It’s six weeks on from the eruption of Mount Nyiragongo, which took lives, destroyed homes and led to thousands of children going missing. 400,000 people fled the nearby city of Goma as flowing lava destroyed essential infrastructure. Thirty people died while 4,000 houses have been destroyed and a further 1,000 are in urgent need of repairs. In the panic, around 1,400 children became separated from their parents.
Thankfully, the tremors have now subsided. Most of those who fled have returned to Goma. And the Kibati Centre, the school we support in Northern Kivu through Children’s Voice (our local partner) survived the earthquake and was able to reopen on 14th June. In an area dominated by war and conflict, where 40% of children are out of school, the Kibati Centre is a lifeline to ensure children can access an education.
However, around 400 children are still missing. The North Kivu region is home to an estimated 130 different armed groups. Boys are regularly recruited as child soldiers. Girls are forced to be ‘wives’ for senior commanders. Missing children are facing huge risks. It’s critical that we help these children get back to school. Not only so they can continue their education, but so they have access to a safe space and trusted adults they can speak to about the trauma they’ve experienced.
We’ve provided emergency support to Children’s Voice through this difficult period. Children’s Voice has been working tirelessly to identify the children who are missing and reunite them with their families.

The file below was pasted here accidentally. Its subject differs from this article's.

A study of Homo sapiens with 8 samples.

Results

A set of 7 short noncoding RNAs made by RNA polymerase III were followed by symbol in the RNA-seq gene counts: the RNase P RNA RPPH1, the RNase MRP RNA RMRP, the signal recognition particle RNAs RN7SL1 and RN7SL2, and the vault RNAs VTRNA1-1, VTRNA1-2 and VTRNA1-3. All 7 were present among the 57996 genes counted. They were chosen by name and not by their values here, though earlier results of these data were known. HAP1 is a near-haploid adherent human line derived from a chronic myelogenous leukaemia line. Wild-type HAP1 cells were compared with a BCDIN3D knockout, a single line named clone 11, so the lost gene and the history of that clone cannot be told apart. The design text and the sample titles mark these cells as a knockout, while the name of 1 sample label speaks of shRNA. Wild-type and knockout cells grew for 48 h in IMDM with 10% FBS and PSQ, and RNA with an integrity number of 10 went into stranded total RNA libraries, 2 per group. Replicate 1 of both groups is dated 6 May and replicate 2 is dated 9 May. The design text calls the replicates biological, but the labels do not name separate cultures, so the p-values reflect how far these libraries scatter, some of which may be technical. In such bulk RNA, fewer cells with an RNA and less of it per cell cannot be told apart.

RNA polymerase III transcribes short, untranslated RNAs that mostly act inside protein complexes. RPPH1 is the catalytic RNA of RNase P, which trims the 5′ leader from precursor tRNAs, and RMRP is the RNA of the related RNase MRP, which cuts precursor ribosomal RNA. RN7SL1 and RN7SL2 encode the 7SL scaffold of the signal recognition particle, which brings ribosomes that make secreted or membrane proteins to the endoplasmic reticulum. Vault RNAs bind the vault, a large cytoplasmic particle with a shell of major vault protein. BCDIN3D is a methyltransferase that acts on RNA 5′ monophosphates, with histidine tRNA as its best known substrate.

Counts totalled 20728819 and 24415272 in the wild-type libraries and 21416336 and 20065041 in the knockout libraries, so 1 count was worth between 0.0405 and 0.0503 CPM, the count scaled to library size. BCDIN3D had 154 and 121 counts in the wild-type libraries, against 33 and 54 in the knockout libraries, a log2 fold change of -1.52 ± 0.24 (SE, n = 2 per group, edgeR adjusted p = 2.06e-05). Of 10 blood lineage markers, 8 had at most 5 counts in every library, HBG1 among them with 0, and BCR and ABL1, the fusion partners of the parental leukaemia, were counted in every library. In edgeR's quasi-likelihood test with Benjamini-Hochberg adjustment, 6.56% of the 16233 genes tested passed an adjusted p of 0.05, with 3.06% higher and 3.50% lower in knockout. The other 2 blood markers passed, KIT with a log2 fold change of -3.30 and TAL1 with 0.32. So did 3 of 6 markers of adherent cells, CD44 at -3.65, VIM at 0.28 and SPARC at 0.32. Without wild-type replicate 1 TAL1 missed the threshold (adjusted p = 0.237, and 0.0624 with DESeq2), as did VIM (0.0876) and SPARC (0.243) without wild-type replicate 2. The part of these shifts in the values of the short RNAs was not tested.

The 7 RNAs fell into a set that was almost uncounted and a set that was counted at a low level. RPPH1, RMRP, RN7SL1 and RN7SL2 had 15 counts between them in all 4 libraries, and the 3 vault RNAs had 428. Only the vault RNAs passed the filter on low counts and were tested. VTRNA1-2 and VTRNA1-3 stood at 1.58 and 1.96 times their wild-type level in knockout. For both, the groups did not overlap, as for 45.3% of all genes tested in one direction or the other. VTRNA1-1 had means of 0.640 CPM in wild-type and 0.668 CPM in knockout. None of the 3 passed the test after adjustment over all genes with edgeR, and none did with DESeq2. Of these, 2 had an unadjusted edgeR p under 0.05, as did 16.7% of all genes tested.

Children in Goma returned to school in June, but 400 are still missing
A difficult time ahead
The volcanic eruption destroyed mains water pipes, electricity cables, farms and businesses. It’s going to take time to rebuild. But right now, the destruction of infrastructure is leaving children and families at risk.
Without water and sanitation, cholera has become a serious threat. Young children and the undernourished are most at risk. And outbreak would be devastating for the most vulnerable groups.
All of this is taking place in the context of rising Covid-19 cases. A third wave is under way, with an exponential rise in cases being driven by the South African and Delta variants. However, the vast majority of people are unable to access a test, let alone the necessary health care if they need it. Many families can’t afford masks to protect themselves and others, and misinformation is rife meaning more families are at risk.
During this time, the Kibati Centre is more important than ever. It provides a place where children feel safe. Here, they can speak to trusted adults and are supported to overcome the issues they face and the trauma they have experienced. Right now, it will make a huge difference to hundreds of children. It will allow them to look ahead, and learning in a safe environment will give them every chance to have a bright future.
Your support means children can access quality, inclusive education and a safe space at the Kibati Centre. £35 could train a Learning Support Assistant to provide one-on-one help to a child with disabilities!